If you didn’t make it to HR Tech this year, here’s what you missed.
Each year, HR Tech just gets bigger. There are more vendors, more attendees, and more media coverage than the year before. There was an excitement around emerging technology that is still in the beta stage (cool start-up section on the expo floor!) and equal interest in existing technologies that may have been upgraded or changed in some way to help make your HR life a bit more simpler. Think “next gen” HR.
However, with the wide selection, there are many choices—sometimes too many choices.
As the HR technology industry continues to expand, improve, and introduce new products, it is increasingly important for HR professionals to gain a better understanding of technology and how best to apply it to your organization. As you work with vendors, search out those that not only provide a sound technology solution but partner with you through education, helping you to understand the why behind the technology, why it works the way it does, and how it can tackle HR’s toughest issues.
In the opening keynote, “Making the Right Choices in the Second Machine Age,” Andrew McAfee from MIT reminded us that data based decisions regularly surpass “gut based” decisions, and that if we intend to stay ahead of the curve and lead in the marketplace, we must rely more on data. This also means we must evolve as technology evolves.
HR is taking part in this evolution by using social recruiting tools and smart onboarding solutions, for example. We are more educated about the Cloud and understand the ease of storing and sharing information. However, we still have questions about how the next generation of technology will keep up with the vast amounts of data that continually has HR departments bursting at the seams.
For example, the software your department began using in 2009 may not be ready for 2015. Does it allow for accurate reporting across platforms? Is configuration an option? If you invest in new technology, how will that streamline your workday, and what will it mean for your employees?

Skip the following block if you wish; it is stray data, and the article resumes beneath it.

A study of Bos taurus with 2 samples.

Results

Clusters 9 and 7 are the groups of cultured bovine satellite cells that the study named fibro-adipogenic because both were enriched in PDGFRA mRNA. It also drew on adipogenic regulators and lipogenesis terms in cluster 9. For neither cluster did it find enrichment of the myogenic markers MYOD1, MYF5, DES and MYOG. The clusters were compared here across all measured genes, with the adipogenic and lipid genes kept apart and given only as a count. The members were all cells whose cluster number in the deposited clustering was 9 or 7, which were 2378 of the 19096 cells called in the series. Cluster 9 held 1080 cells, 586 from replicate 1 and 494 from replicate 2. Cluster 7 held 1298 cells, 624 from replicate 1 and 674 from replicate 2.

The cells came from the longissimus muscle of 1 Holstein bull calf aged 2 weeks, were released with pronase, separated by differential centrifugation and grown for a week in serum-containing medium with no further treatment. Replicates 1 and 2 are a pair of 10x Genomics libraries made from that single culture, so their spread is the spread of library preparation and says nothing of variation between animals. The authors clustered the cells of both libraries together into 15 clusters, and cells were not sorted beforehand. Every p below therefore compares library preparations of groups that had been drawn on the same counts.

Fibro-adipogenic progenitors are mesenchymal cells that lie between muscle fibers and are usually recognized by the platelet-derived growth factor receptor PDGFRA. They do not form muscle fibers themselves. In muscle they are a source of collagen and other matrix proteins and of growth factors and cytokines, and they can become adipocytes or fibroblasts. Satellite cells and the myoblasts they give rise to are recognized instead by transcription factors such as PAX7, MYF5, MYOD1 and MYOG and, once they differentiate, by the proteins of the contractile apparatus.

The Next Generation
Curious about these same questions and how onboarding software is keeping up, I checked in with the HR Cloud team and got some answers:
What’s new about the HR Cloud platform?
We've introduced a new design, the focus being on actions on that can be taken on grids. Data can be easily grouped, filtered, or organized in columns. These filtered and custom views can be saved so that the next time it’s needed it’s at your fingertips.
What’s the benefit of the new interface design?
The new design is more intuitive and has more dynamic reporting capabilities. The ease of use sets HR Cloud apart from others.
How does Onboard instill company culture?
The Onboard portal allows for additional branding and the ability to configure your pages to reflect the overall culture of your organization. Widgets containing videos, text, images, links, websites, lists, and checklists can be organized to give the most powerful overview of company culture. This connects your new hires more quickly, easing that transition time.
Tell me more about Core HR. How is it different than other HRIS solutions?
We've spent quite a bit of time expanding the reporting functions for the HR admin users. We use reporting on the main grid of the system. Any field added to the employee's profile is available to be included on the grids and filters can be applied to the grids to show (in real time), creating exportable views.
What kind of reports can you create in Core HR?
You can report on any field that is part of the employee's profile. The system comes with a number of staple reports: headcount, salary, and position history, as well as turnover reports. If you’re looking for other details, you’ll find these on the main “people grid.”
How does Core HR link to the Onboard solution?
The employees are part of both systems, as the information feeds directly from Core HR to Onboard. This allows the employee to come back in and check out the Onboard portal to access links or documents. Onboard also takes into account the employee's network (their managers and subordinates) based on the organizational structure set forward in the Core HR system.
As HR technology evolves, so must we. As we move forward into 2015 and beyond, HR professionals need to stay current with technology changes, how data is being used and stored, and how we can best apply this knowledge to the work we perform. Based on this knowledge, we as HR professionals need to be the drivers of change in our organizations.